Published online Oct 28, 2019. doi: 10.5500/wjt.v9.i6.134
Peer-review started: July 21, 2019
First decision: August 2, 2019
Revised: September 17, 2019
Accepted: October 15, 2019
Article in press: October 15, 2019
Published online: October 28, 2019
Novel oral anticoagulants (NOACs) were developed as alternatives to vitamin K antagonists, primarily warfarin, as they do not require routine monitoring and have limited drug-drug and drug-food interactions. However, the efficacy and safety of these agents in kidney transplantation are not well studied.
To assess the profile and safety of NOACs for patients who had kidney transplantation, and to provide recommendations and guidelines on therapeutic strategies in these patients.
This was a retrospective study carried out among adult patients who were actively on the following NOACs (apixaban, rivaroxaban or dabigatran) in our renal transplantation program from December 2015 to December 2016. The patients were identified primarily through electronic medical record system (patient data linkage). Data on the clinical and laboratory profile of the patients were retrieved and analyzed with SPSS 22.0.
Complete data on 42 renal transplant patients were retrieved: 59.5% males, 90.5% were whites and 66.7% were older than 60 years old. The mean duration since renal transplantation of the patients was 8.8 ± 7.4 years. The most common risk factors for the development of end-stage renal disease in the subjects were hypertension (19.0%), polycystic kidney disease (19.0%), followed by diabetic nephropathy (16.7%) and chronic glomerulonephritis (16.7%). The main indications for NOACs use in the cohort were atrial fibrillation in 25 patients (59.5%) and venous thromboembolism in 10 patients (23.8%). Overall, 29 patients (69%) were treated with apixaban, 10 patients (23.8%) with rivaroxaban and 3 patients (7.14%) with dabigatran. No (0%) thromboembolic events were observed during the one-year period, but 3 (7.1%) bleeding events occurred in the cohort consisting of 1 patient treated with rivaroxaban 15 mg daily and 2 patients who received apixaban 2.5 mg twice daily. There were no significant changes in serum tacrolimus level three days after the initiation of NOACs among patients treated with tacrolimus (pre- and post-NOACs tacrolimus levels were 7.2516 and 7.8867 ng/mL, P = 0.55, respectively). Also, after one-year of treatment with NOACs there were no significant changes in the pre- and post-NOACs serum creatinine level (P = 0.772) and estimated glomerular filtration rates (P = 0.232).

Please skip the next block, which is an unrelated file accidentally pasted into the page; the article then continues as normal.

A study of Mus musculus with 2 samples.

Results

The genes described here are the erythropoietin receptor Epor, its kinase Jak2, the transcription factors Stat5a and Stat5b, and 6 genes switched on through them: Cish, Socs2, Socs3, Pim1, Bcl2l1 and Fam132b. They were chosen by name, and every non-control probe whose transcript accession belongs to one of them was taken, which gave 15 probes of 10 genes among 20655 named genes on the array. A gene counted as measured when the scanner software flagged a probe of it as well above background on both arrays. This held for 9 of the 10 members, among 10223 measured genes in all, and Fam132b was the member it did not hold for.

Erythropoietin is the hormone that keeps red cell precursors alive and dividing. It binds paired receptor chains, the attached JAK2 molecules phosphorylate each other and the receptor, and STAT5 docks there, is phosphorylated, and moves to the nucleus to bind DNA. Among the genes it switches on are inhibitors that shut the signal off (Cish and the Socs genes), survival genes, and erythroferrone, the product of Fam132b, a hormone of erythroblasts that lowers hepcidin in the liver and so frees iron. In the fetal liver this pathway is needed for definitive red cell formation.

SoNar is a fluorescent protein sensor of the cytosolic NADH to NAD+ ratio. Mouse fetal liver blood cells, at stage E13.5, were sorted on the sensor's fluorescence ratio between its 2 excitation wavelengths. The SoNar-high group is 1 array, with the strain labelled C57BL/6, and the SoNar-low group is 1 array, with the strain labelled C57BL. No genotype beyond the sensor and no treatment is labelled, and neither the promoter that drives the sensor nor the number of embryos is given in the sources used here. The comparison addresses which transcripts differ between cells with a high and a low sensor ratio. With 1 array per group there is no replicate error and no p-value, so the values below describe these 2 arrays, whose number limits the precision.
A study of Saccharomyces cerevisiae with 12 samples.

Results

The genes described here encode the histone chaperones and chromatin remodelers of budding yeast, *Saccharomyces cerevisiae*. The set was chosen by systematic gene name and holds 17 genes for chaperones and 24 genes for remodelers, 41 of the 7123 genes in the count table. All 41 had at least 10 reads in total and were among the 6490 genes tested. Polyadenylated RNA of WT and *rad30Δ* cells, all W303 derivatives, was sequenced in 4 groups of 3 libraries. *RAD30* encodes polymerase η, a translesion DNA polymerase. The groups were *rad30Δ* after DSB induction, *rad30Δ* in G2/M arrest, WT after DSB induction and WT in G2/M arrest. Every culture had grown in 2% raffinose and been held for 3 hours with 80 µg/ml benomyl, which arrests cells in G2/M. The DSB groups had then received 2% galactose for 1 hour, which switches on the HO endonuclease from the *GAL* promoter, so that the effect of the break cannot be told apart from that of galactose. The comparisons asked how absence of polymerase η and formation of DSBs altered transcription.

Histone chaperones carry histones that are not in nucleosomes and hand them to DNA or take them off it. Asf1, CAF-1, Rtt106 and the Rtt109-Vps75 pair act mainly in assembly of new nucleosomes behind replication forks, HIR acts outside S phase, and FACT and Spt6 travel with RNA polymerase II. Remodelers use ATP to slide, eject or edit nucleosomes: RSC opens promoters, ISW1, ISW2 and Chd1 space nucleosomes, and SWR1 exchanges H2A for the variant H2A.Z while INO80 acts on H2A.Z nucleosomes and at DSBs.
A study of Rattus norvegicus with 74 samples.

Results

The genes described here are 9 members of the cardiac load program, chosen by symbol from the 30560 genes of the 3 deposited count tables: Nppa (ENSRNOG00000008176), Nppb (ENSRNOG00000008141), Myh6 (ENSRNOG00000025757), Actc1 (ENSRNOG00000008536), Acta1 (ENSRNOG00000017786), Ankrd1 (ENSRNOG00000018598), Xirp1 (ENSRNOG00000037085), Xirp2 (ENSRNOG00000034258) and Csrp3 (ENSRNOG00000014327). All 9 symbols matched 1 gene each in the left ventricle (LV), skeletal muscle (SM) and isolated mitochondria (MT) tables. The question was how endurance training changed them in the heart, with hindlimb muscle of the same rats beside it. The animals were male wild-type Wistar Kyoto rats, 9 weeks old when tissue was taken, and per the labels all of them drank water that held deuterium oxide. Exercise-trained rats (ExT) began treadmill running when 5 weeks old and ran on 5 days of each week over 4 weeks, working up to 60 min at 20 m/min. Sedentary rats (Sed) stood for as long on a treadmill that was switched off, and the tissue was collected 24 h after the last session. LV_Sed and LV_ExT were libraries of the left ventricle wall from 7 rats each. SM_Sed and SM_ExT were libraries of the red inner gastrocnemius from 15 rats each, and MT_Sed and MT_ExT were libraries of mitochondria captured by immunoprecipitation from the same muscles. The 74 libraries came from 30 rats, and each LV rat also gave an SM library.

No thromboembolic events or significant changes in renal profile were observed in our cohort of kidney transplant recipients who were treated with NOACs for at least a year. However, a few bleeding events were observed. This calls for further well-planned randomized controlled trials to assess the efficacy and safety of NOACs among renal transplant recipients.
Core tip: No consensus is available in the literature about whether novel oral anticoagulants are effective and safe for renal transplant recipients. This is one of the first attempts to investigate the profile, safety and effectiveness of novel oral anticoagulants for adult renal transplant recipients. We investigated the role of novel oral anticoagulants in terms of its effect on thromboembolism, bleeding, creatinine clearance and immunosuppressive agents.